Pertussis

Whooping Cough Information


Pertussis is a highly infectious bacterial disease that causes a mild to moderate respiratory illness in adults.  It is transmitted through coughing and sneezing.  This disease has been on the rise globally.   In addition it has been on the increase in DuPage County since December 2010.  Residential colleges and school systems are at high risk to pass this disease quickly among themselves.  The following briefly describes the disease, but also the preventive actions that an individual can take to decrease the chances of spread.

Definition                                     

Whooping cough (pertussis) is a highly contagious bacterial respiratory tract infection. In advanced stages, it's marked by a severe, hacking cough followed by a high-pitched intake of breath that sounds like "whoop."

Symptoms

Once you become infected with whooping cough, it takes 7-10 days for signs and symptoms to appear. They are usually mild at first and resemble those of a common cold: runny nose, nasal congestion, sneezing, red, watery eyes, a mild fever, and/or dry cough.  If no treatment is sought, after 2-4 weeks the symptoms worsen with fits of coughing being the most pronounced.

Treatment

There is an inexpensive antibiotic that kills this bacterium. People who have been clinically diagnosed with pertussis should stay away from people for 5-6 days after starting antibiotics.  If close contacts of the diagnosed people can be identified, they should also receive this antibiotic regardless of their vaccination status.  Contact your primary care physician for more information.

Prevention

Wash you frequently with soap and water. Hand sanitizers are sufficient. Childhood vaccinations should be up to date for pertussis. The childhood series is called “DPT” and contains antigens for the diseases diphtheria, tetanus and pertussis. A childhood series is usually 3-4 shot between the ages of 2 months and 6 years.  An adult should have tetanus, diphtheria, booster every 10 years. The Centers for Disease Control strongly recommend that an adult receive one vaccination in their adult life that has the “pertussis” antigen when they receive their tetanus, diphtheria booster. 

More information

Here are some websites that offer excellent and accurate information regarding pertussis and vaccination. 

Pertussis is a highly infectious bacterial disease that causes a mild to moderate respiratory illness in adults.  It is transmitted through coughing and sneezing.  This disease has been on the rise globally.   In addition it has been on the increase in DuPage County since December 2010.  Residential colleges and school systems are at high risk to pass this disease quickly among themselves.  The following briefly describes the disease, but also the preventive actions that an individual can take to decrease the chances of spread.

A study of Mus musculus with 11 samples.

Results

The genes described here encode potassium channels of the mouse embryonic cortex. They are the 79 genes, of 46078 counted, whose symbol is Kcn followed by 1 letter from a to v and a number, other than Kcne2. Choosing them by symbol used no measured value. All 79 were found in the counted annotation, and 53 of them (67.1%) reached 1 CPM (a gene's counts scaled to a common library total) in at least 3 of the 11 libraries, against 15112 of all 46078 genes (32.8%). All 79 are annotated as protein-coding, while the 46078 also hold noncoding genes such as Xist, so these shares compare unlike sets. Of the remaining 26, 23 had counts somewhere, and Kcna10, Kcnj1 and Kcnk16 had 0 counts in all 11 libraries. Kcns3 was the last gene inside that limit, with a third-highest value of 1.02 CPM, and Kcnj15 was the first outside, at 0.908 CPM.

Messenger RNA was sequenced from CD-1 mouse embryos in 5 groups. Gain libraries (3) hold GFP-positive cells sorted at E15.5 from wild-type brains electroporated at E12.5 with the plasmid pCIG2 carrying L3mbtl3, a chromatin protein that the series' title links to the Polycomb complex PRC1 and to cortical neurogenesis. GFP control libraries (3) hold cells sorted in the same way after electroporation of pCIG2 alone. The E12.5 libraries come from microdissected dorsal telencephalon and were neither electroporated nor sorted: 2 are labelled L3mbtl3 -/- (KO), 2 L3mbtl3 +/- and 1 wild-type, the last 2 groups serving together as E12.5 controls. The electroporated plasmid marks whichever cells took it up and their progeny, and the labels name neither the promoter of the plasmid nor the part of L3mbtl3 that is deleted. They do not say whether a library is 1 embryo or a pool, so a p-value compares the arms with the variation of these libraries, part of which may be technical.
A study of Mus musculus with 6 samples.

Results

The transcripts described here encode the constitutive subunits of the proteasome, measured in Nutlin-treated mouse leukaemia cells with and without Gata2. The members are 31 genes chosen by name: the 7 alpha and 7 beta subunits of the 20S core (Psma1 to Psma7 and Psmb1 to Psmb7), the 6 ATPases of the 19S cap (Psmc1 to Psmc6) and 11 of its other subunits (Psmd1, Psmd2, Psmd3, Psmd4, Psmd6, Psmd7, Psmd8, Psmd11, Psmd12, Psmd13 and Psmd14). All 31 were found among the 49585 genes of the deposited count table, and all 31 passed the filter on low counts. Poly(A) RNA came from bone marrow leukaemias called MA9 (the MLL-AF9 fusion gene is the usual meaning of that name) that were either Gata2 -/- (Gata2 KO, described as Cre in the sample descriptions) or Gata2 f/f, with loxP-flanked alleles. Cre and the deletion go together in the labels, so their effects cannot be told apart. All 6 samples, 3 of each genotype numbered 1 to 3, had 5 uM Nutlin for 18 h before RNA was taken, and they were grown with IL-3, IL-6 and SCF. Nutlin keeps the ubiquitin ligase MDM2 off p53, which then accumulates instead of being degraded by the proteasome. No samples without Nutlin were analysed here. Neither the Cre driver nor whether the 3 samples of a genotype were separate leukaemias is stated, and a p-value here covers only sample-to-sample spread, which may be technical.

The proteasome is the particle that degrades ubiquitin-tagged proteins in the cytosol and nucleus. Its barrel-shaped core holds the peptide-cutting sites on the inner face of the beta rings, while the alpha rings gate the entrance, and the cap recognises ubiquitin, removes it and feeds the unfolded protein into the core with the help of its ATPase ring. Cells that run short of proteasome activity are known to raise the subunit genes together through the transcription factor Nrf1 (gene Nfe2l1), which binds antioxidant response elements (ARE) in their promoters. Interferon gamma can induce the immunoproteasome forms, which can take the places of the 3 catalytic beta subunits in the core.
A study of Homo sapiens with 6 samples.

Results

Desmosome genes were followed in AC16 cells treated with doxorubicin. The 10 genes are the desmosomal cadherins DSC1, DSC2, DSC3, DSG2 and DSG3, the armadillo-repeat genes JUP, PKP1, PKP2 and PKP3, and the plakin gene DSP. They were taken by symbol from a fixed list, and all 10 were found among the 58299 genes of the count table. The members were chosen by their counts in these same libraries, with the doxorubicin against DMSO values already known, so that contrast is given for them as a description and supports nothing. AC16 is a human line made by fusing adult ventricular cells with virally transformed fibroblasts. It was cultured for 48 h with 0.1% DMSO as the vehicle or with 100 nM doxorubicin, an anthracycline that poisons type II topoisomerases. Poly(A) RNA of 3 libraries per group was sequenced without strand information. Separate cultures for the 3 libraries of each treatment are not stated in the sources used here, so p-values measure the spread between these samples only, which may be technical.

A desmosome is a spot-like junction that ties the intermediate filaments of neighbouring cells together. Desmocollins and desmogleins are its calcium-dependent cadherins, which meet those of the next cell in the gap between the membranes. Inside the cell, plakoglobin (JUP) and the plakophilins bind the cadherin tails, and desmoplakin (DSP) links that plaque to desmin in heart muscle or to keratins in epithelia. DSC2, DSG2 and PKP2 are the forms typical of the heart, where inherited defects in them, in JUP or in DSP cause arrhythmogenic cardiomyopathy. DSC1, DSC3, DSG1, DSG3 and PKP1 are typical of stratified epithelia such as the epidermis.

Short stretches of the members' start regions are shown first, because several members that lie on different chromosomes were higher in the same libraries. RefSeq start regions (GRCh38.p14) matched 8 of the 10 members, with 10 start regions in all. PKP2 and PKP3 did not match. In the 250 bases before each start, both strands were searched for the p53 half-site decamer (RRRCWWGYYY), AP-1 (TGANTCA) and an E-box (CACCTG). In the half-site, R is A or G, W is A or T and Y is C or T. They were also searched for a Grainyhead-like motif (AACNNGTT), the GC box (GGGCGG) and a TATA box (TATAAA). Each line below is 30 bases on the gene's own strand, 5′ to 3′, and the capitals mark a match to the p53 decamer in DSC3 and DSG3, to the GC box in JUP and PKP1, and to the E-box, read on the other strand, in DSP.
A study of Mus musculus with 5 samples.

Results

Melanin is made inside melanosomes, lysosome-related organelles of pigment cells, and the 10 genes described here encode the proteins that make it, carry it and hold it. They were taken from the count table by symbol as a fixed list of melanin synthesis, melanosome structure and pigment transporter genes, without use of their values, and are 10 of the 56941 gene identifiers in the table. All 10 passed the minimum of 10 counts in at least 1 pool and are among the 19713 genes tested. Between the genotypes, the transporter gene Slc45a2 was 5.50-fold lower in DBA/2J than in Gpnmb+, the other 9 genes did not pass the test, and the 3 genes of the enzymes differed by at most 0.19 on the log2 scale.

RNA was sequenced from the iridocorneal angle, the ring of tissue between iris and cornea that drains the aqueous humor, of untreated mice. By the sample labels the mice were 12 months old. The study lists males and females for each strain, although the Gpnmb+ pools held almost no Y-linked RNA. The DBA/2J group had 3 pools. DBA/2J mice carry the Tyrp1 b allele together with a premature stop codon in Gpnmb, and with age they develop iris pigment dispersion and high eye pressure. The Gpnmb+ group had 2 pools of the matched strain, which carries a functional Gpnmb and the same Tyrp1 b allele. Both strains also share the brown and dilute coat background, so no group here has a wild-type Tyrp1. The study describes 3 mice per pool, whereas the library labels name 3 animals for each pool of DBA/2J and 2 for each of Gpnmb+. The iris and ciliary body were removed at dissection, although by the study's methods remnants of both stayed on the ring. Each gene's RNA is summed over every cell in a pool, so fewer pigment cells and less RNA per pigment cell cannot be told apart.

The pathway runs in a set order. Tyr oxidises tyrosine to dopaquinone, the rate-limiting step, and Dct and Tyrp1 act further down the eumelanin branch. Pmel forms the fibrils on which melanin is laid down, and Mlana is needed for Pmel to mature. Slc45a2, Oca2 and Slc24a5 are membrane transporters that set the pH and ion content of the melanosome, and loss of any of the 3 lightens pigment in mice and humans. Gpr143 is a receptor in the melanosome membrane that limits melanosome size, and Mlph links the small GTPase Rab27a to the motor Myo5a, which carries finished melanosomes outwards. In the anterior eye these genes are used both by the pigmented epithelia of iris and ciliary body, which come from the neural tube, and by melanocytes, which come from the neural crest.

Definition                                     

Whooping cough (pertussis) is a highly contagious bacterial respiratory tract infection. In advanced stages, it's marked by a severe, hacking cough followed by a high-pitched intake of breath that sounds like "whoop."

Symptoms

Once you become infected with whooping cough, it takes 7-10 days for signs and symptoms to appear. They are usually mild at first and resemble those of a common cold: runny nose, nasal congestion, sneezing, red, watery eyes, a mild fever, and/or dry cough.  If no treatment is sought, after 2-4 weeks the symptoms worsen with fits of coughing being the most pronounced.

Treatment

There is an inexpensive antibiotic that kills this bacterium. People who have been clinically diagnosed with pertussis should stay away from people for 5-6 days after starting antibiotics.  If close contacts of the diagnosed people can be identified, they should also receive this antibiotic regardless of their vaccination status.  Contact your primary care physician for more information.

Prevention

Wash you frequently with soap and water. Hand sanitizers are sufficient. Childhood vaccinations should be up to date for pertussis. The childhood series is called “DPT” and contains antigens for the diseases diphtheria, tetanus and pertussis. A childhood series is usually 3-4 shot between the ages of 2 months and 6 years.  An adult should have tetanus, diphtheria, booster every 10 years. The Centers for Disease Control strongly recommend that an adult receive one vaccination in their adult life that has the “pertussis” antigen when they receive their tetanus, diphtheria booster. 

More information

Here are some websites that offer excellent and accurate information regarding pertussis and vaccination.